Published in the Boston Business Journal April 7, 2017:

The longer Republicans debate and dissect the Affordable Care Act, the more people are turning to Direct Primary Care (DPC) physicians. Unlike the recently proposed American Health Care Act — and the Affordable Care Act it is seeking to replace — direct primary care is both affordable and easy to understand.

The rising popularity of DPC practices in Massachusetts and in more than half the states where it is being practiced is in stark contrast to the utter confusion and fear that has ensued since Congress and White House set out to repeal Obamacare. A health care system once focused on prevention has given way to expensive intervention and specialty care. Experts disagree on how to fix our health care system, but it is well understood that what has been driving up the cost of health care are prescription drugs, overutilization of our hospital emergency rooms for non-emergency primary care, escalating prices for medical procedures, and unnecessary diagnostic tests. What patients — and doctors — need from our health care system is simplicity. Think of how we use car insurance to protect us from personal injury and car damage — not for the replacement of tires or windshield-wiper blades. We shouldn’t use health insurance for routine primary care.

Rebuilding the primary care foundation of our health care system won’t fix all of what is ailing health care, but it would reset a system that now largely benefits the insurance industry and pharmaceutical companies. A study by the health policy journal Health Affairs found that a direct primary care practice they studied was nearly half the cost to the patient when they purchased a lower-premium, higher-deductible insurance plan. A 53-year-old man who would have paid $11,068 for a one-year $1,000 deductible plan instead bought a higher-deductible plan and cut his health care costs by more than $4,000 annually — and he actually spent more time with his physician.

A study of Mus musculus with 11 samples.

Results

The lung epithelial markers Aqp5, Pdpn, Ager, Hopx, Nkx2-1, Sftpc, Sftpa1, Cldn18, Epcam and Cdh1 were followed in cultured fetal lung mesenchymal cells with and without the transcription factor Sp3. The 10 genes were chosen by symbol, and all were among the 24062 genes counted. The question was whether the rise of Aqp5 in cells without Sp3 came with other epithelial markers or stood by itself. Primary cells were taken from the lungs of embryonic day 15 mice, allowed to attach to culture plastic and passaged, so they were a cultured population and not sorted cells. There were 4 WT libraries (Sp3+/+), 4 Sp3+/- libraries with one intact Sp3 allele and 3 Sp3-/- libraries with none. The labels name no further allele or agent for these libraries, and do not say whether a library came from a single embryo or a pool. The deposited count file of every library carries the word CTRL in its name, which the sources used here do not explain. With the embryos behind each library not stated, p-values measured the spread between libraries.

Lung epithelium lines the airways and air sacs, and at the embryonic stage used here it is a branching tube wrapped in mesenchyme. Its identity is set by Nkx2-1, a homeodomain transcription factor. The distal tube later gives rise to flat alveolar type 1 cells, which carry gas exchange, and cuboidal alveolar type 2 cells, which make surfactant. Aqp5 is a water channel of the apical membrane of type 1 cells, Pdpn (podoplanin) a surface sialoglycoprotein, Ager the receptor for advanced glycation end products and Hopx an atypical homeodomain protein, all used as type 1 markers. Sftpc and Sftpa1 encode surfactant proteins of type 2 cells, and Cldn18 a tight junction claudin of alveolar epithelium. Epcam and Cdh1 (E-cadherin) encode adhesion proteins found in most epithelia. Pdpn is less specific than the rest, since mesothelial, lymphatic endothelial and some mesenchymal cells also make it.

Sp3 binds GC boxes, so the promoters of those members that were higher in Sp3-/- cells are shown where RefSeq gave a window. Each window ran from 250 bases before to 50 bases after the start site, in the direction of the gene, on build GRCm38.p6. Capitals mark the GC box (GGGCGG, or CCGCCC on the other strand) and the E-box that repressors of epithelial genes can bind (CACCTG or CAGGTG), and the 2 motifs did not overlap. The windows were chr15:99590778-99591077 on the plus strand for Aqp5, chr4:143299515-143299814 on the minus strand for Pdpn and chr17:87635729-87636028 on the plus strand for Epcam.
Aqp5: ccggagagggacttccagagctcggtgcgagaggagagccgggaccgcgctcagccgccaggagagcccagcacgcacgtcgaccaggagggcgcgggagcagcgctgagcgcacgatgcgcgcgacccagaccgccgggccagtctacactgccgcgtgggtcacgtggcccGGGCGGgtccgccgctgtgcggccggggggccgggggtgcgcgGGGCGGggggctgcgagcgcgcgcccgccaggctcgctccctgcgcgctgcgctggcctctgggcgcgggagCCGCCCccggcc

During the course of an appointment that is typically an hour or longer, DPC physicians can figure out why a patient hasn’t been sleeping rather than just writing them a prescription and dashing off to the next 12- minute appointment. We get to know our patients, their diet, whether they are exercising. That consultative relationship is critical to prevention of future and expensive illnesses such as heart disease, cancer and diabetes. Direct primary care physicians aren’t necessarily better doctors — we just spend the time that it takes to be a good doctor and actually listen to our patients. But you can’t fix what you don’t have the time to see or hear.